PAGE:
Marcus Licinius Crassus was the richest man in Roman history. Even though he spent enormous sums on his personal army and on the private citizens of Rome, he still had a fortune of 200 million sestertii (roughly equivalent to 50 million days’ wages). That’s why the expression is still sometimes heard, “rich as Crassus.”
So how did the man make all his money? Some he took as the spoils of war; some he took from fellow Romans after he got them denounced; some he made buying and selling slaves and silver mines. But most famously, he made his fortune buying up real estate at fire sales. No—really—he bought houses when they were on fire.
If a house caught fire he bought it and all the adjoining houses from their terrified owners. Then he had his men put out the fire and added the properties to his growing fortune. He did this so many times that by the time of Julius Caesar, Crassus was said to own most of the city of Rome.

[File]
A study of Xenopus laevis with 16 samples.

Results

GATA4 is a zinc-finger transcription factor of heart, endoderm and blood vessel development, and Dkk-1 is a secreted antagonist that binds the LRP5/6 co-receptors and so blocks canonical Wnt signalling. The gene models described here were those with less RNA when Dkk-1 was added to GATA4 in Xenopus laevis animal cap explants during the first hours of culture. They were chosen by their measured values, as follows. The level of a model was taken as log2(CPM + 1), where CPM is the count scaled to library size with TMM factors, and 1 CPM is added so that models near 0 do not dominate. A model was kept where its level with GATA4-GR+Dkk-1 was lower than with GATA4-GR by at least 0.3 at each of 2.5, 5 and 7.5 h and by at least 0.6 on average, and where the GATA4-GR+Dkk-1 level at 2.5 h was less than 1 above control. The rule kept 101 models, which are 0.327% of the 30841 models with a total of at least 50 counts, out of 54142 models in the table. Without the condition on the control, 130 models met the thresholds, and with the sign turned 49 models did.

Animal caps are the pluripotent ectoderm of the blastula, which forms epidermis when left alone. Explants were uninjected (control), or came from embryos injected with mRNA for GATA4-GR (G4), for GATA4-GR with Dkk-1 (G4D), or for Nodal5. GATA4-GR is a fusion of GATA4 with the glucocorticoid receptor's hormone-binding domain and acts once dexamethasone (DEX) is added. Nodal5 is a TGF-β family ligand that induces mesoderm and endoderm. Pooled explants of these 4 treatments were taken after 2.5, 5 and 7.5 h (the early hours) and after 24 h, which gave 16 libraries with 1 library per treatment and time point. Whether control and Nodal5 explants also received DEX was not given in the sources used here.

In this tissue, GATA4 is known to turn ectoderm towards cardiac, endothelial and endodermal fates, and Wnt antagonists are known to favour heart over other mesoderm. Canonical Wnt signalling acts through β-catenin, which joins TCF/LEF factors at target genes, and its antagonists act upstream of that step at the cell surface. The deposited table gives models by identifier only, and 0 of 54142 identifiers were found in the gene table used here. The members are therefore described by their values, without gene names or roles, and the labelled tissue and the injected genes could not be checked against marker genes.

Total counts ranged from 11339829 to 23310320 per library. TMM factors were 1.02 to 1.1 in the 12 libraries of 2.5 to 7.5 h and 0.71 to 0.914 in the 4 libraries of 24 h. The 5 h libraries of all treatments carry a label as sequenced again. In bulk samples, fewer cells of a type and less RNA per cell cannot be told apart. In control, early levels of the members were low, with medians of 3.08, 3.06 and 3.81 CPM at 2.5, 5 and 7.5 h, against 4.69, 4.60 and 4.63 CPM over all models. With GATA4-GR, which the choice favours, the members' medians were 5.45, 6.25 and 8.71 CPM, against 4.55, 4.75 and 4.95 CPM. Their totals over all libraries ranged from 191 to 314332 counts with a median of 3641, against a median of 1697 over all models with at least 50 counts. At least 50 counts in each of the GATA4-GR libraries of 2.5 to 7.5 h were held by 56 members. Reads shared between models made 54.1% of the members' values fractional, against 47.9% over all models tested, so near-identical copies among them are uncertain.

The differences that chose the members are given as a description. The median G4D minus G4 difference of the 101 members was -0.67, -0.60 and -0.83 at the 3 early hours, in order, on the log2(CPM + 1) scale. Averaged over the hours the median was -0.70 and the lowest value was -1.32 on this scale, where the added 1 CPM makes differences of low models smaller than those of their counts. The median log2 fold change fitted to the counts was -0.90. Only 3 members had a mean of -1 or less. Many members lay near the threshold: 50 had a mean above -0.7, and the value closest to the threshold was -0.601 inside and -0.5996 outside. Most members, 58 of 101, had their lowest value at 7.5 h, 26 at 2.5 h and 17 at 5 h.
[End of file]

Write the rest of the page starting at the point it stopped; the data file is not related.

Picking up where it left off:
The Greek word for buying up valuable commodities is exagorazo (ex ah go RAHD zo). It originated in the agora, the Greek marketplace. With the prefix added, and a suffix to make it a verb, it meant “to buy up all you can of precious stuff.”
Now let’s follow the word into the New Testament. Paul used it in Eph 5:16 and Col 4:5 to encourage his readers to “make the most of every opportunity,” (literally, “buy up time”). Since time is so valuable, we should seize it and use it every chance we get.
Paul also used the word twice in Galatians, but in a different context. He said that Christ redeemed us (bought us up) from the curse of the law (Gal 3:13). Christ seized the opportunity to buy up the fallen race of man, so that he might give us the full rights of sonship (Gal 4:5). With his own blood he bought up the commodity he loved the most—mankind.